The Brothers of the Little Oratory

The Brothers of the Little Oratory is often presented to inquirers as something like an Oratorian “third order” — a group of laymen who share a closer bond with a religious order than those who customarily worship in the churches it serves. This is not a bad analogy, but it remains only an analogy. There are some important differences between the Brothers of the Little Oratory and religious third orders. First of all, the Brothers undergo no special period of training and probation; there is no Little Oratorian “novitiate.”  The Brothers make no formal promises and take on no specified obligations. Just as the Oratorian Fathers themselves do not profess the classical threefold vows of poverty, chastity, and obedience, but rather serve voluntarily as members of the Oratory, united (as St Philip insisted) by the bond of charity alone, so also do the Brothers of the Little Oratory participate in Oratorian works on a voluntary basis. For some, the Little Oratory can involve a layman’s dedication over a lifetime. For others, participation in the activities of the Little Oratory is more occasional. Such a variation of commitment is appropriate to the nature of St Philip’s institute.

Another difference between Little Oratory and a third order is that the Little Oratory did not come third at all — that is, it was not established after male and female orders of vowed religious as a kind of pious footnote to the chief text. St Philip started his first Oratorian meetings while himself a layman, and these Oratorian gatherings were comprised of other laymen in the city of Rome. The Little Oratory could therefore, in a way, be regarded as St Philip’s “first order.” A recollection of this temporal priority is evident in a saying still current in some Oratories: “There is no Oratory without a Little Oratory.” That suggests how important this work is in our scheme of things.

Oratories resemble families: each is very much both like and unlike other Oratories. Even so do Little Oratories and their activities vary from place to place and time to time. After all, St Philip had an advantage shared by few in today’s fast-paced society. In St Philip’s time, the entire city of Rome shut down for a siesta of at least three hours in order to escape the heat of the noonday sun. Shops and offices closed; there was little for a man to do but enjoy an extended pranzo or perhaps a tryst with his mistress. The Roman siesta was ready-made for St Philip’s spiritual exercises. You could pack a lot into three hours a day, every workday. Under present circumstances, one can only hope to adapt and abbreviate this regime, as the Oratory has done ever since St Philip first taught his way.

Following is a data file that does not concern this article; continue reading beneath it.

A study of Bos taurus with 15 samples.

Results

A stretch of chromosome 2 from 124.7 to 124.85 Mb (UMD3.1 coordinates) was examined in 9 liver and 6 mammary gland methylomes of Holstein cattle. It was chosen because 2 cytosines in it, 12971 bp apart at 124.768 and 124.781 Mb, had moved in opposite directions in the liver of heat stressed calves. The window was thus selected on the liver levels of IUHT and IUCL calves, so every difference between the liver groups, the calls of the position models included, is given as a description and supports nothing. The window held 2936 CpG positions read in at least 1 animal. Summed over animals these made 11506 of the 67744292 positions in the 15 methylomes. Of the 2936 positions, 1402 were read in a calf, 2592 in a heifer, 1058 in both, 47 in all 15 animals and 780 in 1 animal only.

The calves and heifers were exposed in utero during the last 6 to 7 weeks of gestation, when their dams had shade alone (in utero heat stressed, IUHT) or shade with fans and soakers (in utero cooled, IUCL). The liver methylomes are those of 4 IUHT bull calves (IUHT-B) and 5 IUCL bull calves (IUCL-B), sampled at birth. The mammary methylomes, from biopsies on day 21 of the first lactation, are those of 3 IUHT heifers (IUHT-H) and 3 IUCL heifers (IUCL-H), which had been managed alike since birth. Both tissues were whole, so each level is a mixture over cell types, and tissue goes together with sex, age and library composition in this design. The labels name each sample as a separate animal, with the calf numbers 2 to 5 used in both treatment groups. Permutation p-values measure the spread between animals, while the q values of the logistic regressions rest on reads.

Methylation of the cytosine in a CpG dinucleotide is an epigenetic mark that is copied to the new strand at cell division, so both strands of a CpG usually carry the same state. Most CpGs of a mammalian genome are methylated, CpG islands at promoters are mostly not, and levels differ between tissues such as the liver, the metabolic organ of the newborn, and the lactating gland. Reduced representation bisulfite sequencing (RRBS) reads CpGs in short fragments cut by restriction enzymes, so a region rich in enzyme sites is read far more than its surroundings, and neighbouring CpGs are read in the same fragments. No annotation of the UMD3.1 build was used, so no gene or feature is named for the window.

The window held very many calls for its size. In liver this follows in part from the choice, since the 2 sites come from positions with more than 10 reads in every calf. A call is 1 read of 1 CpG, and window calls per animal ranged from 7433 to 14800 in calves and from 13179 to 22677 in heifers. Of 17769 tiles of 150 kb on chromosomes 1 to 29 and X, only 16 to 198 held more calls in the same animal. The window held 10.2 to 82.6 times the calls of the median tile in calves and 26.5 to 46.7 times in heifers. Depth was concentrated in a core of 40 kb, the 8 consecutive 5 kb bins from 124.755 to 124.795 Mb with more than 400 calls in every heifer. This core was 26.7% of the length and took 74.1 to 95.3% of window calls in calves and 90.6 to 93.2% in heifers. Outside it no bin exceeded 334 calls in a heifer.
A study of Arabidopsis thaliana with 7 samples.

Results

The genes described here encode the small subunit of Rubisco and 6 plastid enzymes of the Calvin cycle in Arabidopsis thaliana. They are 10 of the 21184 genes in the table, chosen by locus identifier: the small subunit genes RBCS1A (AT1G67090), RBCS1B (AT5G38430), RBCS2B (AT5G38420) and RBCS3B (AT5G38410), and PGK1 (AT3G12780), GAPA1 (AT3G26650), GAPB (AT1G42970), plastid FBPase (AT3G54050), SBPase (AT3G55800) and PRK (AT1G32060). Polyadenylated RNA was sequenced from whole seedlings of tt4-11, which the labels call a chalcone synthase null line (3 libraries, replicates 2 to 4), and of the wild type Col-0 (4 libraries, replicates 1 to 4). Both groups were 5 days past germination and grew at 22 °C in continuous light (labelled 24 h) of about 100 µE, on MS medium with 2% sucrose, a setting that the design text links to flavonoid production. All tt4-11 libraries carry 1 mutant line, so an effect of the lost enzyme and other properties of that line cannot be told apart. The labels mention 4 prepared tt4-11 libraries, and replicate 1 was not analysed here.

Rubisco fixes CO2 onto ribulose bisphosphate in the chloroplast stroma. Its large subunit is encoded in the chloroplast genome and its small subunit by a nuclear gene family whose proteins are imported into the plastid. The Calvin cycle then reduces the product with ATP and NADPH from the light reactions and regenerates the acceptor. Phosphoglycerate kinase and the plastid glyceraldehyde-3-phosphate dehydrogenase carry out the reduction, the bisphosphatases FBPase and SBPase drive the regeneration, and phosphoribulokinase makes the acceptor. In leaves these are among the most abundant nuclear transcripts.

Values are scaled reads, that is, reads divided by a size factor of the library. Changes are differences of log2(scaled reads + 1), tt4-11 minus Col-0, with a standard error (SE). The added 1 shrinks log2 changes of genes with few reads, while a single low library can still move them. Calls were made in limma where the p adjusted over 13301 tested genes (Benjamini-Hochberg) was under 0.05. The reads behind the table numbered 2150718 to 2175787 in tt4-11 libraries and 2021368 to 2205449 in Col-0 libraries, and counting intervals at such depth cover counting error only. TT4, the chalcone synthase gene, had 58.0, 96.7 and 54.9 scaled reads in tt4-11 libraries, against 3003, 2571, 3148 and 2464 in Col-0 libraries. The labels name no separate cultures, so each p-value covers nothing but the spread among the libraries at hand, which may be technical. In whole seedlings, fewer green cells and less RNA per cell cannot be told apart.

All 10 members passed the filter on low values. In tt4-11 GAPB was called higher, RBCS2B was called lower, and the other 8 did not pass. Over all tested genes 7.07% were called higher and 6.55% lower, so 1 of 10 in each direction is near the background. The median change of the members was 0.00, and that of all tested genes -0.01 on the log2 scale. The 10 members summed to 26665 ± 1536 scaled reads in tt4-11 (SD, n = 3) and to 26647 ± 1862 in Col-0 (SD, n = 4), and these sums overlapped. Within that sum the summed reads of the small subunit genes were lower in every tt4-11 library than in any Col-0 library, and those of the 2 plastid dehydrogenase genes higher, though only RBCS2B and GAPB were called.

At least three things are of the essence to St Philip’s spiritual exercises. First, the Little Oratory was meant to be a school of prayer, to be an invitation for men to pray and an encouragement for them to do it. This is part and parcel of St Philip’s mission to demonstrate that men could be holy in their homes and in the world around them. Second, the Little Oratory was intended as an occasion for men to learn the things of faith at a level beyond basic catechetical instruction. St Philip’s Little Oratory examined many things: spirituality, moral virtue, the lives of the saints, and Church history. St John Henry Newman and Fr Frederick Faber, superiors of the first two English Oratories, were of the opinion that not even these time-honoured topics exhausted the scope of St Philip’s ability to engage a layman’s spiritual concerns. Third, Little Oratory engaged men in various charitable activities — social gatherings, pilgrimages, ministering to the sick, caring for pilgrims, teaching the poor, etc. 

We take all of this into account in our meetings of the Little Oratory in Toronto. We gather twice a month on the 2nd and 4th Wednesdays from 7:30 to 9:00 at the Oratory. We begin with a scriptural form of prayer commended by recent popes and spiritual writers — lectio divina (literally, “divine reading”). Instructions about this method are given as the year proceeds, but most importantly, we practice it together, conducting a “shared lectio divina” on the gospel of the next Sunday’s Mass. Some may desire to continue practicing lectio divina at home, using the gospel of the day or another scriptural text. We also follow St Philip’s practice of “Talking on the Book,” that is reading through a text of common interest, thinking it through, and discussing some considerations it raises up for us. Finally, we conclude with a social hour, where appropriate refreshments lubricate further discussion and foster friendships. Apart from our scheduled meetings at the Oratory, we plan to periodically undertake various practical activities in the spirit of St Philip Neri, according to the interests of the Little Oratorians.

Meetings are held from 7:30-9:00p.m. Join our facebook group for updates.